Bereaved parents of a young woman have spoken of their "bittersweet" experience helping Eastenders with a hard-hitting brain tumour storyline.
Amani Liaquat from Luton was given her terminal brain tumour diagnosis after collapsing at home on her 22nd birthday in April 2020.
She passed away in February, at the age of 23, five days after she was awarded her Masters degree in the hospital bed set up for her at home.
Her parents Yasmin Stannard and Khuram Liaquat were invited to meet with Danielle Harold, the actress who plays Lola Pearce on the BBC One soap, by Brain Tumour Research.
The charity, along with Macmillan Cancer Support, is working with the programme to ensure its storyline about Lola's brain tumour journey is portrayed as realistically and sensitively as possible.
The couple also met a team of producers, researchers and scriptwriters who were in the early stages of developing the storyline and wanted to hear about their daughter's journey as a young woman who had glioblastoma (GBM).
After standard care failed to stop the growth of her tumour, Ms Liaquat's family crowdfunded for life-prolonging treatment abroad, raising more than £100,000 in 24 hours.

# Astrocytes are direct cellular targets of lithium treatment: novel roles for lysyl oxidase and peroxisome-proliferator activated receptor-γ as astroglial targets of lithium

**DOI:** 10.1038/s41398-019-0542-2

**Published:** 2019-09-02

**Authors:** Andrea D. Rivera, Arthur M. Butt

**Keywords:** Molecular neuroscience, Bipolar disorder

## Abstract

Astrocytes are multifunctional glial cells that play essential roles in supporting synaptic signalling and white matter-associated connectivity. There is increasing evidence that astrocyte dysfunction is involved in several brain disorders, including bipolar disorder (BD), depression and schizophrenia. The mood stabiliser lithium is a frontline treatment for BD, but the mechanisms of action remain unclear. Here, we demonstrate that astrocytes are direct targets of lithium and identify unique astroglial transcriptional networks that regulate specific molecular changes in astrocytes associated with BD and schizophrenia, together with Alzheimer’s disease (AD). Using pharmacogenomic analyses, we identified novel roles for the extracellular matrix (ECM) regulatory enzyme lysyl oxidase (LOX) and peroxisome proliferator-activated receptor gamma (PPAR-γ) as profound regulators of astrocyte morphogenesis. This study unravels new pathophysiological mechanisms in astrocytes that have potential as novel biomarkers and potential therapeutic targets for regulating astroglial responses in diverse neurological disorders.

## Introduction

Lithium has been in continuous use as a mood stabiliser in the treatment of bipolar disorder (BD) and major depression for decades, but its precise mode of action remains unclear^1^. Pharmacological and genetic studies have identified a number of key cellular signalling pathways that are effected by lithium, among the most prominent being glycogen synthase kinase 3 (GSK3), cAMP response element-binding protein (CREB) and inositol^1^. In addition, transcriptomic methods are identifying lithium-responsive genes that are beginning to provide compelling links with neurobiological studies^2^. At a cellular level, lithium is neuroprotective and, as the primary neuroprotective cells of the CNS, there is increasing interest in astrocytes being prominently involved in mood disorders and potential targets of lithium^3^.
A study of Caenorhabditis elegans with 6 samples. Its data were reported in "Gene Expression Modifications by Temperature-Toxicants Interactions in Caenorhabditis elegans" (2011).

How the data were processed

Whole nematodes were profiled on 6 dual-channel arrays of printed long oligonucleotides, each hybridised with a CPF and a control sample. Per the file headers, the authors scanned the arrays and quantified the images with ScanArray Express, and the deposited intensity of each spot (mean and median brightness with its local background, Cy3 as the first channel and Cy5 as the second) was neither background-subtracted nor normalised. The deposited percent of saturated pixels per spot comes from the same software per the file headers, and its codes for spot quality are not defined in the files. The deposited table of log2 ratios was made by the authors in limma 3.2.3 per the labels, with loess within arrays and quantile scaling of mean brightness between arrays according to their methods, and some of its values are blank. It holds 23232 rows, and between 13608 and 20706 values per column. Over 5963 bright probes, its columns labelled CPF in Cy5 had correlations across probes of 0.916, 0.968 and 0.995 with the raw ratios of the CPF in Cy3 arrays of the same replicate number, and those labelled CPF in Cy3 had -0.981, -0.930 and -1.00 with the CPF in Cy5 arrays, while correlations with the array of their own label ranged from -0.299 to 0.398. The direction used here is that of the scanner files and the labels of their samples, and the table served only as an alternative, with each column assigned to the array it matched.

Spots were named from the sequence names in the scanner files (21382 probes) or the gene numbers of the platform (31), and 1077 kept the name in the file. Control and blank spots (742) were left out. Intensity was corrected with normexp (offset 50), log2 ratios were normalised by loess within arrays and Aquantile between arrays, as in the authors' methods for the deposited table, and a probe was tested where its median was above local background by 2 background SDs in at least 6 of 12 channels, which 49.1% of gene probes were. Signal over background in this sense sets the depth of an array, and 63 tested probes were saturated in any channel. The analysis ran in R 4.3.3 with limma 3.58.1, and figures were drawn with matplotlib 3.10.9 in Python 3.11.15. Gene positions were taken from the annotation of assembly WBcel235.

She also bonded with pop star Tom Parker from The Wanted after they were both diagnosed with the same type of brain tumour.
Her efforts, and those of people she inspired to fundraise, saw almost £60,000 donated to Brain Tumour Research, as well as £40,000 her parents gifted to the charity from the remaining crowdfunding donations not used for her treatment.
Ms Stannard said: "We shared Amani's story with Danielle and the team and tried to convey all the emotions behind our journey as best as we could.
"We were impressed by how dedicated EastEnders was at ensuring it covered the brain tumour storyline sensitively and accurately.
She added: "We arrived at the BBC studios in Elstree with a mixture of emotions. It was exciting to be given the opportunity but we knew we were only in that position due to the loss of our beloved daughter.
"It is bittersweet for us to be involved and watch the episodes without her by our side, but despite it all, we felt privileged to be even a small part of such an important storyline.
“We never wanted to lose a child but if something positive can come from our loss then that helps soothe our wounds a little.”
Sue Castle-Smith, from Brain Tumour Research, said: “Yasmin and Khuram showed great strength while reliving painful memories of Amani’s brain tumour diagnosis and treatment for the benefit of others.
“We’re very grateful to them for all they did and to EastEnders for involving us in this crucial storyline to raise awareness of brain tumours, which kill more children and adults under the age of 40 than any other cancer.
“Increased awareness is vital as we campaign for the government and larger cancer charities to invest more to improve outcomes for patients and, ultimately, find a cure.”